Expert tips on what to wear for your family photos | ShopAtHome.com

Expert tips on what to wear for your family photos

August 7th, 2013
This family coordinated a blue color theme with a pop of red, to coordinate but not look too matchy. Photo by Nicole Hart Photography.

This family coordinated a blue color theme with a pop of red, to coordinate but not look too matchy. Photo by Nicole Hart Photography.

Here is another example of well coordinated family outfits, using different shades of cool blue. Photos by Nicole Hart Photography.

Here is another example of well coordinated family outfits, using different shades of cool blue. Photos by Nicole Hart Photography.

The subtle touch of yellow accessories is a perfect example of adding a detail that will pop.

The subtle touch of yellow accessories is a perfect example of adding a detail that will pop.

This mom's dress really makes this session pop, and dressing her daughter in a tank top dress and the Dad in long sleeves helps break them up when he's holding her. Photo by Nicole Hart Photography.

This mom’s dress really makes this session pop, and dressing her daughter in a tank top dress and the Dad in long sleeves helps break them up when he’s holding her. Photo by Nicole Hart Photography.

By Aimee Heckel

As if getting the whole family dressed for school and work isn’t challenging enough, then comes the fashion choices that will be forever immortalized in photography.

Getting your family pictures taken is exciting and meaningful; you’ll keep them forever and pass them down for generations. Not to mention blanket Facebook with them. The clothes you wear can be as important as photographer you choose; both truly can make or break the experience.

So, it can feel intimidating to determine what to wear and how to dress your kids (and husband, let’s be honest here).

We wanted an expert opinion on this tricky topic, so we asked one of our favorite photographers who specializes in families and children, Nicole Hart Photography of Portland, Ore.

Should your family members all match each other? How do you deal with patterns? 

I always suggest choosing a color palette and then having everyone in that family wear something from the same color family, without being too matchy-matchy. You want there to be some definition between everyone. Please avoid everyone wearing jeans and black shirts.

Coordinate, but don’t match. It’s best if you can start with one centerpiece. For example, I styled our family session last year around my youngest daughter’s pink cardigan. That central person helps carry the color for the session. It tends to be easier to find that one central piece for the females in the family. I suggest starting with their clothes first and then building around that.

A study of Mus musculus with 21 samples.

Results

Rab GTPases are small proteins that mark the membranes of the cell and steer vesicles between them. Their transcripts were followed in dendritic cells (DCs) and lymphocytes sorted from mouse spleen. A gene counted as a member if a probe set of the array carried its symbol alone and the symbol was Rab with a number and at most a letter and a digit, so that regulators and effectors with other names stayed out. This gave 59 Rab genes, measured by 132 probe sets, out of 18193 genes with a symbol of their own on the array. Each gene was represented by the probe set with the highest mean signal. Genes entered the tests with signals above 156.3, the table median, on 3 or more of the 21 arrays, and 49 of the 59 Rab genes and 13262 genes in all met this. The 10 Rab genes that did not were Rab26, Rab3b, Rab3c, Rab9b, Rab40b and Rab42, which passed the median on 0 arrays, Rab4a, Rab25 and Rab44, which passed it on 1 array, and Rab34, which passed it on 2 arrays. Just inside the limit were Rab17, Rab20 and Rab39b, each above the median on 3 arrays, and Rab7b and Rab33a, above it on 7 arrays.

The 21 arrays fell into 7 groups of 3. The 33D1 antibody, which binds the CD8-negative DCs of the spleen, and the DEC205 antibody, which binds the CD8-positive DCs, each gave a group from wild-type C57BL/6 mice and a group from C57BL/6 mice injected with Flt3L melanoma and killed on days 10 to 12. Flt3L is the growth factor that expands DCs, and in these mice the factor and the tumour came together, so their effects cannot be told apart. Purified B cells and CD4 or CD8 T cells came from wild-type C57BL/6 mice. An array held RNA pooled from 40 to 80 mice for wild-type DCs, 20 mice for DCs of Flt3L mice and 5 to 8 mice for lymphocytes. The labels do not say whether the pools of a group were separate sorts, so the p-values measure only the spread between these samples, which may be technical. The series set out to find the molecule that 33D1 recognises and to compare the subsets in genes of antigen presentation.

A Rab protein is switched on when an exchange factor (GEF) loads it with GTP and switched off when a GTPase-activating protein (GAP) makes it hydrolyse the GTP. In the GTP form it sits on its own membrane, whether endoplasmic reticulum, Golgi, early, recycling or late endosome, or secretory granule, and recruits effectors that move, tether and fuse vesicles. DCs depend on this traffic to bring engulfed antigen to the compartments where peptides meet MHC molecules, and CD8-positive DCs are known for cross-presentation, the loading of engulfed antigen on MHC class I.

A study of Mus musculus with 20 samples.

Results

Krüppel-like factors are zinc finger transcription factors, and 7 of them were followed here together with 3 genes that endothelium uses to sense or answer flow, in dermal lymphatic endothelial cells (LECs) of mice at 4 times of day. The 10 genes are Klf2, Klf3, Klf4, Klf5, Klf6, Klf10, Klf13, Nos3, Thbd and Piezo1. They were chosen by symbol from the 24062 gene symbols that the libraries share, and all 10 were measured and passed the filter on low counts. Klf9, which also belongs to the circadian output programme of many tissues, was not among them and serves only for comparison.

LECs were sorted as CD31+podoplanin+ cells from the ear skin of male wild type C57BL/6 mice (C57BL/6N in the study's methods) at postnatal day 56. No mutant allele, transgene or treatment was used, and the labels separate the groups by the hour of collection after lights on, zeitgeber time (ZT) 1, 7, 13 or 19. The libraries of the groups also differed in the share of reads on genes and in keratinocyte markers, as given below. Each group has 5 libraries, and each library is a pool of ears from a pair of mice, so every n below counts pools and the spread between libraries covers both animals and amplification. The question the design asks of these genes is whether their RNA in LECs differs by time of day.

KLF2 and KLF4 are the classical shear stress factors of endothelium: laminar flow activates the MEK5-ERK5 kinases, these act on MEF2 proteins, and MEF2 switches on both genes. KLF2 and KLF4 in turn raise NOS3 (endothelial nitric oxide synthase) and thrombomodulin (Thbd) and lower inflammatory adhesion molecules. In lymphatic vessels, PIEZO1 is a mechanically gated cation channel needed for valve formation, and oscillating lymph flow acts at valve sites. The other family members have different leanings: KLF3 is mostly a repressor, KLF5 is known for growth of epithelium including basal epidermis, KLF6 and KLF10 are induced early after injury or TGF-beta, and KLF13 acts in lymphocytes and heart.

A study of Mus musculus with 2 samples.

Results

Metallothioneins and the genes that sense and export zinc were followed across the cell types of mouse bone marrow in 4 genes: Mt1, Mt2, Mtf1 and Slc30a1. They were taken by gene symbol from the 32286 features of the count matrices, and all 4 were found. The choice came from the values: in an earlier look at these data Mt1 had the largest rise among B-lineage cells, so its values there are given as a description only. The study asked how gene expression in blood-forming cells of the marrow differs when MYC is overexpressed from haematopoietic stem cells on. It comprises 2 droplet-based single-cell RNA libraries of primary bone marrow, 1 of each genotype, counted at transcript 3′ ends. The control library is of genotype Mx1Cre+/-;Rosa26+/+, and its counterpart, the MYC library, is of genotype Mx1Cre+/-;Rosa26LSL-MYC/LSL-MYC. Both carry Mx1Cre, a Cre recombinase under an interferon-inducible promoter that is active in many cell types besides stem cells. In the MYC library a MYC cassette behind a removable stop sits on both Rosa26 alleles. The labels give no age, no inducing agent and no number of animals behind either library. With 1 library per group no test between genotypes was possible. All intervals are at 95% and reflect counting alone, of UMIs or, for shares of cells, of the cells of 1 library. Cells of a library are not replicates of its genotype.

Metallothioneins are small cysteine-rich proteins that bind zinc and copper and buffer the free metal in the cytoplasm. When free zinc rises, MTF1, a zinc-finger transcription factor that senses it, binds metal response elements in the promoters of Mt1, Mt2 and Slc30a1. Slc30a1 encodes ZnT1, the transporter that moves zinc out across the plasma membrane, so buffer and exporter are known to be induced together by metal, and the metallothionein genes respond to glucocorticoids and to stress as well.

Looking for some cute children’s accessories to make your focal point?
Layers, scarves, boots, bows/headbands for girls all photograph well. Texture is really important in black and white photos.

We love the Gap’s kids line, like this neon yellow girl’s cardigan for $26.95. (But be careful with too-bright of colors.) Don’t forget to save money on Gap clothes with coupons and Cash Back.

How do you pick colors? Are there some colors that are better than others on film?
I think one person in the family needs to wear something bright to help pop the outfits. They can be in a jewel tone or a pink sweater.

Is there anything you recommend not wearing for family portraits?
Watch bright florescent colors, which might be pleasing to the eye but in photographs they tend to look really blown out. If you are shooting in the park, avoid wearing green or yellow and think instead of colors that will pop against the background. Maybe navy or white. If you’re shooting on a college campus with brick buildings, avoid red and instead opt for jewel tones or cooler colors. Avoid anything with logos or graphic T-shirts.

What about trendy verses timeless styles?
I think trendy can work to a point. Scarves and boots photograph well, but they are also pretty trendy right now.

What about picking props, a background and accessories? How do you choose what else to bring to assure good photos?
I like props, but they need to make sense. Having one-year photos taken with balloons or a red wagon works wonderfully. Using a little antique chair for a younger sibling to sit in while the older sibling stands behind adds some interest to a photograph. Using a bright-colored or antique chair for head shots will add some variety, so that the person isn’t standing in every photo.

Make sure the props work with the style of the shoot. For example, if you really like sunflowers, instead of bringing some to the shoot, mention it to your photographer beforehand and see if you can find a sunflower field to shoot in. Embrace the “prop” as the focus of your session.

Any final tips? 
My biggest tip is just to make sure everyone is comfortable, especially down to their tiny feet. Make sure children are in comfortable shoes because often times, your photographer will want to walk around the session to incorporate different looks and backgrounds.

Happy, comfortable (and warm) kiddos are much easier to deal with than grouchy, cold and uncomfortable ones. Also, try and stay true to your style and keep you location in mind.


Aimee's passion for storytelling has brought her around the world as a journalist, writing award-winning news articles about Haiti and Uganda. Aimee studied international journalism at the University of Heidelberg in Germany, and she majored in journalism and German at Colorado State University. When she's not writing stories for a Colorado newspaper, she travels and volunteers for Think Humanity, her family's nonprofit that helps refugees and disadvantaged people in Africa. She's also a mom, a wife and a furious bargain-hunter. Reach out to her at AimeeHeckel.com, find her travel board on Pinterest, follow her on Twitter, or ping her on Google+.